Autumn calls for the harvest of the national fruit of Japan, known as kaki, or persimmons. This bright orange fruit is undoubtedly Japan’s symbol of autumn, as they are sold in supermarkets as soon as they are reaped. Dried persimmons are also hung from the windows as decorations to indicate the fall season.
This national fruit is treasured among the Japanese as it is featured in many of Japan’s well-known haikus. For instance, the poet Shiki Masaoka described biting into a persimmon in contrast to the sound of bells from the famous Buddhist temple in Nara during autumn.
Persimmon trees have been around Japan for thousands of years and are recognised for their plethora of uses. Their leaves are dried and made into tea or wrappers for a traditional type of sushi called kaki-no-ha.
In addition, their hard lumber is used to make furniture and decorative items, while the brown liquid extracted from their unripe fruit is used as a wood stain as well as for medicinal purposes.
Above all, the fruit itself is a tasty snack packed with vitamins A and C, which carry health benefits, especially for the skin. They can brighten the skin, restore its moisture, combat ageing skin, curb excess oils, and unclog the pores. It is no wonder that persimmons emerge as the national fruit of Japan.
Types of Japanese Persimmons
To date, there are over 1,000 varieties of kaki. These are divided into three main types: sweet (Amagaki), tannic (Shibugaki), and dried (Hoshigaki).
The Amagaki has over 20 types, but the most popular ones are Fuyu and Jiro. They are usually eaten when crisp and not entirely ripe.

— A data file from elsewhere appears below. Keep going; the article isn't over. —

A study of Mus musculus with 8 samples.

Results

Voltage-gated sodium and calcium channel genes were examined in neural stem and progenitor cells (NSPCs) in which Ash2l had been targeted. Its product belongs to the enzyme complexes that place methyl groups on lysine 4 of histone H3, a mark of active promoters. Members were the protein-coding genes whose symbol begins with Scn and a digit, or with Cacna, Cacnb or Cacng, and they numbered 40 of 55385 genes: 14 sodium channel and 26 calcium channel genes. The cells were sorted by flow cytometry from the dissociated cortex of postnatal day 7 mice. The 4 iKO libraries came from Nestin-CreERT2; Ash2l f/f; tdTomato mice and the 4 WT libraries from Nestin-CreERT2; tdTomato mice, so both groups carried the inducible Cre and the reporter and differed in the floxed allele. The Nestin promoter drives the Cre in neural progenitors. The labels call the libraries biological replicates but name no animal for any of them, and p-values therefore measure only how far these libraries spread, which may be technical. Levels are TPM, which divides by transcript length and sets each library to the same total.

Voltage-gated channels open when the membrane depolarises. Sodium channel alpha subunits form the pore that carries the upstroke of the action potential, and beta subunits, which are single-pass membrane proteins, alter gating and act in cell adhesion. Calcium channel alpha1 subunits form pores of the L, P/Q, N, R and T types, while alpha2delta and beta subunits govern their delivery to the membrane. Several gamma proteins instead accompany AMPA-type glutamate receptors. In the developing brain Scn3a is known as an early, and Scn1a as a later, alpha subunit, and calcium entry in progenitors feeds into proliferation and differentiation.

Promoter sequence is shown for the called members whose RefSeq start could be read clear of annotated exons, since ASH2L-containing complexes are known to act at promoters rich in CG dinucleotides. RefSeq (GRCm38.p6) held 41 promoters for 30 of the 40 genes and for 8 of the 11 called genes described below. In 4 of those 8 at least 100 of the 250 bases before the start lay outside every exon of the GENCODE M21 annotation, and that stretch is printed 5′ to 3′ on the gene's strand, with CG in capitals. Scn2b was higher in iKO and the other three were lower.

The Shibugaki is the complete opposite—its mouth-puckering taste requires them to be treated or eaten fully ripe. To remove this bitter substance known as Kakishibu, this tannic fruit must be dried or treated with alcohol.
On the other hand, the Hoshigaki, or dried persimmons, undergo a complicated process before they are ready. They are derived from Hachiya persimmons, which cannot be eaten raw until they are soft and almost rotting. They are peeled, air-dried, and hand-massaged for three to five weeks.
This gentle massage is necessary to break down the hard pulp, smoothen the outside of the Hachiya persimmons to prevent wrinkles, and ultimately form moisture and mould. It will also tap out air pockets and encourage crystalline, a natural sugar, to surface.
Afterwards, the Hoshigaki is rolled with a pin to ensure even thickness and release any last air bubbles to reduce the likelihood of mould. They are chewy and mildly sweet and commonly enjoyed with green tea.
Persimmon Sweet Potato Soup Recipe
What better way to ease into the fall mood than with a good ‘ole bowl of soup? This recipe incorporates two of autumn’s staples: Fuyu persimmons and sweet potatoes.
Soften and Debitter Your Persimmons
If your Fuyu persimmons are hard, you can put them in a paper bag with an apple to let them soften. Alternatively, you can pop them in the freezer overnight to let them thaw. The insides will scoop out easily with a spoon.
To remove the bitterness, you can use high-alcohol spirits such as Shōchū or brandy. Wash and dry the fruit, dot the calyxes with alcohol-soaked cotton swabs, and seal the fruit in a plastic bag. Keep them in a cool, dark place for one to two weeks until they are sweet.
However, if this delicious delicacy is not enough to get you in the autumn mood, what about pampering yourself with our Persimmons Aromatherapy Massage? At Ikeda Spa, you can relax and rejuvenate your senses with this massage combined with the calming scent of persimmons.
Enjoy our Autumn Delight Series by soaking in Rice Hinoki Onsen for 30 minutes followed by a relaxing 90 minutes Persimmons Aromatherapy Massage at a promotional price. Save more than 40% with this autumn treat, which would leave you recharged and your skin baby soft.